Ryan and Brittany Schwaigert knew early that their son Greyson had polycystic kidney disease (PKD). After being diagnosed with tuberous sclerosis complex (TSC) type 2, Greyson’s kidney ultrasound revealed so many cysts that Brittany describes them as looking like popcorn.
Until recently, children with PKD like Greyson only had one option for managing cysts: an mTOR inhibitor medication. Now, surgeons can remove the cysts and keep them from returning, thanks to a new decortication procedure developed by Le Bonheur Nephrologist John Bissler, MD.
“Previously, there was nothing we could do for PKD but watch the kidneys slowly fail,” said Bissler. “After research in the lab, we developed this procedure to drain cysts and ultimately prolong kidney function for kids like Greyson.”
All it takes is a few cells with a deleted TSC gene to instruct the formation of kidney cysts. Bissler’s recent research, “Tuberous sclerosis complex exhibits a new renal cystogenic mechanism” published in Physiological Reports, has uncovered the process by which these mutant cells communicate to healthy cells to produce cysts. This causes several types of cystic disease and benign tumors on the kidneys that can drastically affect the health of a child with TSC for a lifetime.
Previously, there was nothing we could do for PKD but watch the kidneys slowly fail. After research in the lab, we developed this procedure to drain cysts and ultimately prolong kidney function.
“Renal disease is the leading cause of death for TSC populations,” said Bissler. “We also know that PKD causes a plethora of additional health risks for those with TSC.”
In addition to high morbidity, kidney cysts cause high blood pressure, urinary concentration defect, ambulation delays, the possibility of renal hemorrhage and eventually kidney failure. Before developing this procedure, Bissler’s course of treating PKD included mTOR inhibitors to slow cyst growth and constant blood pressure medications. Lesion growth is continually monitored with MRI.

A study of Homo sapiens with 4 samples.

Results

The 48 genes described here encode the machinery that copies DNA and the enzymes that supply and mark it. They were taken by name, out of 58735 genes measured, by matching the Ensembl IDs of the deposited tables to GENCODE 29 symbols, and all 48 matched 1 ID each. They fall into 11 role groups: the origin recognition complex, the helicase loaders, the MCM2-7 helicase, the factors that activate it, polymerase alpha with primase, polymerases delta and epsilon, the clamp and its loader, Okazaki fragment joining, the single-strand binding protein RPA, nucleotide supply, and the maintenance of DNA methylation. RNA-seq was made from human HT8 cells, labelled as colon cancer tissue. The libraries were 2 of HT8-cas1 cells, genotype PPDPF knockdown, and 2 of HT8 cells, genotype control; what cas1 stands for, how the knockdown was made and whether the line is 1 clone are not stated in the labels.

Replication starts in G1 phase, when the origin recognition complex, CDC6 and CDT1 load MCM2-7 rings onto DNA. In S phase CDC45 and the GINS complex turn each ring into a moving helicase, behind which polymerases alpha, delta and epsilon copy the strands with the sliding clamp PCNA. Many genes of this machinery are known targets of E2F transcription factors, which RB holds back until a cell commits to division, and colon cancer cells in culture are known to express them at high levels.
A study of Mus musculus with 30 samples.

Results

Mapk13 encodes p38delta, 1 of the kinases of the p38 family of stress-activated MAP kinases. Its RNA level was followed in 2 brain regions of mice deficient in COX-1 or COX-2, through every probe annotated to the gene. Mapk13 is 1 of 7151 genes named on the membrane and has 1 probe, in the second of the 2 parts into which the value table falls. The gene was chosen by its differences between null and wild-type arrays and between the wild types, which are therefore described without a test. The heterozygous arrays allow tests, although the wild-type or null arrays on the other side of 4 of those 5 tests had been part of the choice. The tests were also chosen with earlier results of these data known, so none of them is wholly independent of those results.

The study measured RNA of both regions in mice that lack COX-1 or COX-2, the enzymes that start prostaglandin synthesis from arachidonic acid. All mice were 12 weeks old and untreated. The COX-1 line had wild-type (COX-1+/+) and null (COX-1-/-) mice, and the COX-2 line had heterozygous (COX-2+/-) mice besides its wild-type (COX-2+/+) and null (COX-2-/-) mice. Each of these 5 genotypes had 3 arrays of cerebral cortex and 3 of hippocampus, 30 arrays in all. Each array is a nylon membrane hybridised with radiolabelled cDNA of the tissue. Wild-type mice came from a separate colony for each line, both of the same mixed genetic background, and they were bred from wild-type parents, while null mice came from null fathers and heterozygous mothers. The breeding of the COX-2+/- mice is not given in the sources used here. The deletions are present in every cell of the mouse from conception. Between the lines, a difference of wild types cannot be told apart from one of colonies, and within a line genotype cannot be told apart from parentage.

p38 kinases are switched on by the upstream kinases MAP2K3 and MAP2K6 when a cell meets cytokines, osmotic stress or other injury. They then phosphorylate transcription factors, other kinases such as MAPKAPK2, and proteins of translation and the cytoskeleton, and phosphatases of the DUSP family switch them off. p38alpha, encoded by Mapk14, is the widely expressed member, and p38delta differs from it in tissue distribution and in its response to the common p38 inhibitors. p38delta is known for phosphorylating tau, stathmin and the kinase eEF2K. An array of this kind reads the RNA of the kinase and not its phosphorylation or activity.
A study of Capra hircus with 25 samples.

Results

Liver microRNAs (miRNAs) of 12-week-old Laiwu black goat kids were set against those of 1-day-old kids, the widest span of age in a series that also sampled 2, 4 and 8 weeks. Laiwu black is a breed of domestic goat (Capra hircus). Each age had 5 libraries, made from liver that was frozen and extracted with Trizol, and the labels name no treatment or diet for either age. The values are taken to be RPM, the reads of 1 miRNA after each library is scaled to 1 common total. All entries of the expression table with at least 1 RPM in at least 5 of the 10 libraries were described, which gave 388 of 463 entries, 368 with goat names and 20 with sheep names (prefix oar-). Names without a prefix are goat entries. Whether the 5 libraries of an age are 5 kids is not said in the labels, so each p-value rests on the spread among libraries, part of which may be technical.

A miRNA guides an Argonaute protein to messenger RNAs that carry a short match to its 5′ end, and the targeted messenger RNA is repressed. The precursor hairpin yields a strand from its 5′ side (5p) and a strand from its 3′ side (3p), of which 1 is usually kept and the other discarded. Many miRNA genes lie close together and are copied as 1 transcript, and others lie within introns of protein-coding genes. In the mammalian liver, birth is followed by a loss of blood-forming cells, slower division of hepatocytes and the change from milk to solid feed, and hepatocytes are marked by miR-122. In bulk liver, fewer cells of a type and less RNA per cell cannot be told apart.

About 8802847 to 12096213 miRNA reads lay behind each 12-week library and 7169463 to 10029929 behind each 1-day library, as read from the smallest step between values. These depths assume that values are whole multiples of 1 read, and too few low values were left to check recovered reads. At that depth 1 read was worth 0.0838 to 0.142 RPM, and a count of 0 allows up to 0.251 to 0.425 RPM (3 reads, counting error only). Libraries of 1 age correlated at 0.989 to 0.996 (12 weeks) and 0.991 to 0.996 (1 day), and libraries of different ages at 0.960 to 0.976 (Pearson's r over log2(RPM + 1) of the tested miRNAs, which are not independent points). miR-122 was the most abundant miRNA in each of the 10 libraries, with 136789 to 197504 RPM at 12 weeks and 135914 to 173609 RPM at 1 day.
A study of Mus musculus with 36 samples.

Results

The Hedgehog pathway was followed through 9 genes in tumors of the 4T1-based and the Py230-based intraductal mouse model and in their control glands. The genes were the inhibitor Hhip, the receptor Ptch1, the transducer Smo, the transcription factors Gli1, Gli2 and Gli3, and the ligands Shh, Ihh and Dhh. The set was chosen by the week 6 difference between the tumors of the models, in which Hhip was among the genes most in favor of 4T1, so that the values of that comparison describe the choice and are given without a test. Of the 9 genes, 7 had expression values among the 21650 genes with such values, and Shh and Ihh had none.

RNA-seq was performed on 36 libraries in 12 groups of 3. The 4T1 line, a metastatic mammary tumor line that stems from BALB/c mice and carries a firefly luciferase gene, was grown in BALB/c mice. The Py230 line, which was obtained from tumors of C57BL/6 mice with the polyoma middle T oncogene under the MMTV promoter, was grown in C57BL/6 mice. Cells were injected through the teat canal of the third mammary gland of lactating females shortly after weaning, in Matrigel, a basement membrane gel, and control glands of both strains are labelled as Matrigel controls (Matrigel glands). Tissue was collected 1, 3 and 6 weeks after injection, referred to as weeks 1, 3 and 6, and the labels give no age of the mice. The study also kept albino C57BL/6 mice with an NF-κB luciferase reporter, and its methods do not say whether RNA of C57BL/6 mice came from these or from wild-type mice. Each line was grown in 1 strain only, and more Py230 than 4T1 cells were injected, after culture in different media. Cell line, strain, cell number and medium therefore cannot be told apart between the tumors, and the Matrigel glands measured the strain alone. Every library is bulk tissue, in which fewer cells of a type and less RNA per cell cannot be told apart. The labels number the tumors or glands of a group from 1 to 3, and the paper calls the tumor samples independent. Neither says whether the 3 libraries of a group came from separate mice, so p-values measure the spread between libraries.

But for Bissler, these treatments were not enough to provide the quality of life he sought for his patients. Too many families had passed through his clinic feeling desperate, abandoned and that nothing else could be done for their children. He wanted to find a better option.
Bissler joined Medical Director of Robotic Surgery Joseph Gleason, MD, to develop a procedure to “de-roof,” or decorticate, kidney cysts to drain fluid, relieve pressure and prevent cysts from returning.
“Decorticating the cysts is a laparoscopic surgery that requires only one to two hours and three small incisions to approach both kidneys,” says Gleason. “It’s a safe, straightforward operation with a uniformly easy recovery.”
During the surgery, Gleason laparoscopically cuts out tissue from the top of each cyst to remove the fluid – simply draining the fluid without tissue removal would allow opportunity for the cyst to regrow. Any fluid not drained is reabsorbed by the abdomen. Gleason is able to decorticate multiple cysts in a single procedure.
The goal of kidney cyst decortication: to mitigate the detrimental effects of PKD including lowering blood pressure, reducing protein in the urine, improving balance and movement and ultimately prolonging kidney function thereby delaying the need for kidney transplant.
In the procedures completed so far, patients have seen improvements in these areas with a recovery time as short as a few days.
“Greyson was able to bounce back from this surgery incredibly quickly,” said Brittany. “Within 72 hours he was back to his normal self, and we couldn’t be happier with how this procedure turned out.”
Bissler and Gleason have performed this procedure on seven patients with several more already planned for 2020. Thanks to decortication, parents are able to take action for their children instead of waiting, watching and fearing the worst outcomes.
For Greyson, the new procedure was a definite success. The effects were immediate — he has cut his blood pressure medicine in half and has an easier time playing and moving. His parents don’t worry about the risk of a ruptured cyst, and his stomach is no longer distended.
“With Dr. Gleason’s reputation and role as chief of robotics and our implicit trust in Dr. Bissler as a world-renowned nephrologist, we knew we had a dream team,” said Brittany. “We’ve lived Greyson’s whole life with PKD as a weight upon us. It’s a relief that we no longer have to worry about the immediate risks of his kidney cysts.”